The UK Intellectual Property Office, which has handled Orphan Works copyright exception licensing, reports its regulated approach has been a success.
Despite British photographers railing against Orphan Works in the lead up, the IPO hasn’t received a single official complaint since the copyright exception was introduced in 2014.
This is good news, given the Australian Federal Government may soon introduce a raft of amendments to the Copyright Act, including new exceptions like Orphan Works.
While the voice of Australian photographers has been primarily channeled through the AIPP, with the dedicated work of Chris Shain, the Brits campaigned much harder and louder. (see below)
There was genuine concern that Orphan Works would create a system that allows copyright material to be stolen.
ProCounter was recently informed by Chris, AIPP adviser for copyright matters, that the government is likely to push through Orphan Works, as it’s less controversial than other exceptions and will prove beneficial to cultural institutions.
For those who haven’t been reading ProCounter‘s detailed and running coverage of Orphan Works, here’s a quick refresher: an Orphan Work is any copyrighted material that’s been separated from its creator. Cultural institutions, like museums and universities, argue that they have a heap of Orphan Works in the archive that cannot be used due to potential copyright infringement. If the exception is introduced, a ‘diligent search’ would need to be undertaken to find the copyright holder before the work could be used. Copyright advocates are concerned that the law could be bent to bypass licensing content, and what constitutes ‘a diligent search’ will be a lawyers picnic. Photographers are particularly vulnerable given how easily image files can be detached from an owner. For instance, many social media sites strip metadata from digital image files as a matter of course.
There’s several ways the government could introduce Orphan Works, but Chris highlighted how the UK approach has minimised harm to creatives through a tightly regulated system.
The IPO handles licences, requiring a small fee to be paid along with the ‘diligent search’ process. The content is then loaded onto an online public register.
If the copyright owner finds their work, they can file a complaint to either have the application removed or claim the licence fee.
ProCounter asked IPO head of copyright operations, Margaret Haig, about whether photographers, or any creatives, have complained about the system since it was introduced.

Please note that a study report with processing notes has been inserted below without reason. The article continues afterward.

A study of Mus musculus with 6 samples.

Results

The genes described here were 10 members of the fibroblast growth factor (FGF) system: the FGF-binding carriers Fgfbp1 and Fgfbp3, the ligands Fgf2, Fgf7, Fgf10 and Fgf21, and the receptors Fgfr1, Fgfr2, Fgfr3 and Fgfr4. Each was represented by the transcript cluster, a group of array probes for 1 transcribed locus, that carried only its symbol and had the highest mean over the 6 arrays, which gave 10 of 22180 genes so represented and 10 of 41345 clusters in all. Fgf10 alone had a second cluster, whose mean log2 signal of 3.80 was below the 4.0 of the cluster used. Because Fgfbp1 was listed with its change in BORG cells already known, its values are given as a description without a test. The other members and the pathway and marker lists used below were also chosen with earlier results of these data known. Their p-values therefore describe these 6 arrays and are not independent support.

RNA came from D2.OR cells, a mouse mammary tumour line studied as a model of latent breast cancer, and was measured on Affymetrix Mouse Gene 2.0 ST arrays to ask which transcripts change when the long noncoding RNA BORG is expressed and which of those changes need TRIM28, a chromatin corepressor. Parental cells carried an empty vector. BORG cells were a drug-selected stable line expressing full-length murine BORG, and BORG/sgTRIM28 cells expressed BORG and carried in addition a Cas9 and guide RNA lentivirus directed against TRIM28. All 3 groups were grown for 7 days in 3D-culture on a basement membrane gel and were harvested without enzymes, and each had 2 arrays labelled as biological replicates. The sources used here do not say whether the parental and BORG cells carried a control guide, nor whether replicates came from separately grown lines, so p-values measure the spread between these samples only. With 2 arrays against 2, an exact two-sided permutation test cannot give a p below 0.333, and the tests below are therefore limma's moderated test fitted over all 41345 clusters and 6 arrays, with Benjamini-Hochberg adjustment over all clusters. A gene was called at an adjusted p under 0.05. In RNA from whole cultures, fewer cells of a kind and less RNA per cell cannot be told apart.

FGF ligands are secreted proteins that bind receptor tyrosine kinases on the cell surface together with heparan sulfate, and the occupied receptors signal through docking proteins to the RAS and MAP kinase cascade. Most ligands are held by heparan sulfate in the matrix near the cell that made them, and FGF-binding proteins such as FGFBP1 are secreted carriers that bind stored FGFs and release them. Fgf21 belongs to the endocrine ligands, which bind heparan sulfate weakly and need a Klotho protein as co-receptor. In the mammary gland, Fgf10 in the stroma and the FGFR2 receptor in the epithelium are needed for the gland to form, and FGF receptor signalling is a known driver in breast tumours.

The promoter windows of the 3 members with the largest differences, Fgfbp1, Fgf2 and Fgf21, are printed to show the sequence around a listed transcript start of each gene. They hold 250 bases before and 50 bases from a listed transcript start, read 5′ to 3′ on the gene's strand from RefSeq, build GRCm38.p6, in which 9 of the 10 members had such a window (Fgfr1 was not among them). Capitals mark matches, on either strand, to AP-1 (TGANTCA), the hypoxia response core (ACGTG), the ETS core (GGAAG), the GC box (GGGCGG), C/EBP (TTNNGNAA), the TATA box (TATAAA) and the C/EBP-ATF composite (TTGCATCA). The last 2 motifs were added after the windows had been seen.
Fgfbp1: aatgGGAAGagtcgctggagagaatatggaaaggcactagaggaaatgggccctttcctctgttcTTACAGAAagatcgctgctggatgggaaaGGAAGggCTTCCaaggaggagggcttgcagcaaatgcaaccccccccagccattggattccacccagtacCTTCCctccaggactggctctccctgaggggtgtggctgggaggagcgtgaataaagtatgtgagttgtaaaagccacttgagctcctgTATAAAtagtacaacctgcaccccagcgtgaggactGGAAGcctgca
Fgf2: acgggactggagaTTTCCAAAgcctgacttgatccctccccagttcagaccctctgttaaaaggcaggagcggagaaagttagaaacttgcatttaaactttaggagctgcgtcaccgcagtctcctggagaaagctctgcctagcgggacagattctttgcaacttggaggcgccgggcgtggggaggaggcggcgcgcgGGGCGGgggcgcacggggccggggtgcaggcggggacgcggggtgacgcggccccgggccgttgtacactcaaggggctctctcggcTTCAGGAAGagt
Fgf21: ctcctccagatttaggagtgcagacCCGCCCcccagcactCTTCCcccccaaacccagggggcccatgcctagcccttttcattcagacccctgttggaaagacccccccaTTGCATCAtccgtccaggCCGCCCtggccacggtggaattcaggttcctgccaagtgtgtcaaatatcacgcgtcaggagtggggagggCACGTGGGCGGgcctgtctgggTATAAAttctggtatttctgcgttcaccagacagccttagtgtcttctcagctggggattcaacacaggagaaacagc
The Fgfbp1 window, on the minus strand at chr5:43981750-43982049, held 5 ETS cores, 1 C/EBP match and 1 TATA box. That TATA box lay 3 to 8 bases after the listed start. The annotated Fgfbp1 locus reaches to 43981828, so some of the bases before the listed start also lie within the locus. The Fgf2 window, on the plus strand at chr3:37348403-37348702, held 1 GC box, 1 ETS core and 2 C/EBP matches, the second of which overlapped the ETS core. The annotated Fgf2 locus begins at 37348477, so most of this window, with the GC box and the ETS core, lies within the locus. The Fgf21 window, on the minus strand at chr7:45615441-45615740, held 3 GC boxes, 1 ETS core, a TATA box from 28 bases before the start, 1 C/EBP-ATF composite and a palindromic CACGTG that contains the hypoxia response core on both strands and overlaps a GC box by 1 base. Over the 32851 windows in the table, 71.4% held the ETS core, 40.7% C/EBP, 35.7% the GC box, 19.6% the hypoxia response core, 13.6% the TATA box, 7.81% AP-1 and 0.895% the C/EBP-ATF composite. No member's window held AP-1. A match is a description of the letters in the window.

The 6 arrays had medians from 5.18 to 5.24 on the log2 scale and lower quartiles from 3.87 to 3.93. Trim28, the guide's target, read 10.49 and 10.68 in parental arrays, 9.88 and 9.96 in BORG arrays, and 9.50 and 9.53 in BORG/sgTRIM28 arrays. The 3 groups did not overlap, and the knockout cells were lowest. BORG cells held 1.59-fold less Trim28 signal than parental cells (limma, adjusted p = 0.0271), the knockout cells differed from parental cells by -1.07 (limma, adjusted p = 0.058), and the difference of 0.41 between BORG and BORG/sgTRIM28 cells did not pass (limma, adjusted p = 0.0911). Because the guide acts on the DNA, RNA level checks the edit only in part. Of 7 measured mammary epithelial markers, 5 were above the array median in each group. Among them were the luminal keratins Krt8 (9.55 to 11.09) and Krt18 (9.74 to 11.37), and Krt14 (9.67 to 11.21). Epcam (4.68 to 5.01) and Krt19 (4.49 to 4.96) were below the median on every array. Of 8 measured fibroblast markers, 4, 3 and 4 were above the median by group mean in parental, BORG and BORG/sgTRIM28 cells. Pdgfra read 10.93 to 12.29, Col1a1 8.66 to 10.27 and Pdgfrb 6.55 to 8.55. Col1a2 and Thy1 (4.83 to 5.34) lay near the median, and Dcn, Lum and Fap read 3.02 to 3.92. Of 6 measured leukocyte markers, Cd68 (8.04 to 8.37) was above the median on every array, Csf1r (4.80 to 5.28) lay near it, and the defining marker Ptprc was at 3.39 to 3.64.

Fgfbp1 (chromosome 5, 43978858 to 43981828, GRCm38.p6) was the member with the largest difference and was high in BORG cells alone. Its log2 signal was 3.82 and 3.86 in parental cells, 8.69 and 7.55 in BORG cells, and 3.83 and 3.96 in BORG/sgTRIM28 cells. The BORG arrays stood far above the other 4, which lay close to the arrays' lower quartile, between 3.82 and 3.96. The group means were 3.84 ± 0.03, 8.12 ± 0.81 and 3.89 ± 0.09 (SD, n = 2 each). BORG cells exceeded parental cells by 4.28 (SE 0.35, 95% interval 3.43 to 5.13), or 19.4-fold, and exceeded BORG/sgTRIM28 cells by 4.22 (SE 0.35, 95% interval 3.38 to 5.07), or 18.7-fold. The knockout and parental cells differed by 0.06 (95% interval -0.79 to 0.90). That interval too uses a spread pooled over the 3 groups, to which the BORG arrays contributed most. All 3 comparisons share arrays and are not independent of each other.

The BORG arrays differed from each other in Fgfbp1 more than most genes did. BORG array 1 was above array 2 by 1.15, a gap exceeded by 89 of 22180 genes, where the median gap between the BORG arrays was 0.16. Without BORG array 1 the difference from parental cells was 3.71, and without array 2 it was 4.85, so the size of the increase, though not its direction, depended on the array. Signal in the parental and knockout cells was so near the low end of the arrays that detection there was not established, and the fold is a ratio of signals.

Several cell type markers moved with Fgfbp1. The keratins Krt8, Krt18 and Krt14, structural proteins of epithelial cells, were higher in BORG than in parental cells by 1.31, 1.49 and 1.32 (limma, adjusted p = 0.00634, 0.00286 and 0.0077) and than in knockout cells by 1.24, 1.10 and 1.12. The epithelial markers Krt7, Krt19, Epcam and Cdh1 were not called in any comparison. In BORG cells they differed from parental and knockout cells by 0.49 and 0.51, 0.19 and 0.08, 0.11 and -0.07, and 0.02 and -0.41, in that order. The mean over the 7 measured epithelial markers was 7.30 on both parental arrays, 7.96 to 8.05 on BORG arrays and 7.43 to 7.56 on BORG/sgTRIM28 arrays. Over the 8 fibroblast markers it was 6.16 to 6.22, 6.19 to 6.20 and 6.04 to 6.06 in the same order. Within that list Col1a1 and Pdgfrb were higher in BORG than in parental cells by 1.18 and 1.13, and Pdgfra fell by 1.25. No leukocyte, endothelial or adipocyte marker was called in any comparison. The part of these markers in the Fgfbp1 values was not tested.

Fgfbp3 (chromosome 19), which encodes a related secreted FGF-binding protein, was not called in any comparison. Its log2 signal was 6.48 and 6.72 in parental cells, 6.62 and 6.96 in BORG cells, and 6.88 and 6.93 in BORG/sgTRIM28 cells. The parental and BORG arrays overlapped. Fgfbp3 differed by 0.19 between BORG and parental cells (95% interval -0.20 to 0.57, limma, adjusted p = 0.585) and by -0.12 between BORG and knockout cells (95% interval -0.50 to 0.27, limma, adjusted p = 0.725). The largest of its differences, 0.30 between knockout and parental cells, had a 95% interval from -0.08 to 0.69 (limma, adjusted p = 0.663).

‘We have received no formal complaints about the applications or licences granted for photographs; we have received notification of a possible right holder through the register and that application was later withdrawn; other applications have been withdrawn because the right holder for the photograph was located as part of the diligent search, but I do not have numerical data on this; and no rights holders have come forward for any licence granted to claim their fee, including for licences for the use of photography,’ she responded.
Since Orphan Works was introduced in October 2014, Margaret says there have been 801 applications submitted. Cultural institutions kicked up a big fuss in the UK, just as they have done here, to introduce Orphan Works. But only 801 applications suggests there’s been no rush to get clearance on those troves of ‘de-authoured’ works!
‘Our preparation for the orphan works licence scheme included working with stakeholders, including photography associations and individual photographers. A concern they had was that photographs on the internet would have metadata deliberately stripped and then someone try to claim it was an orphan work to be able to use it. I think our diligent search requirements make that possibility very unlikely. The diligent search guidance for still visual art and the sample diligent search for a photograph that we have created show that an applicant needs to be quite clear about how they have tried to locate the right holder,’ she explained.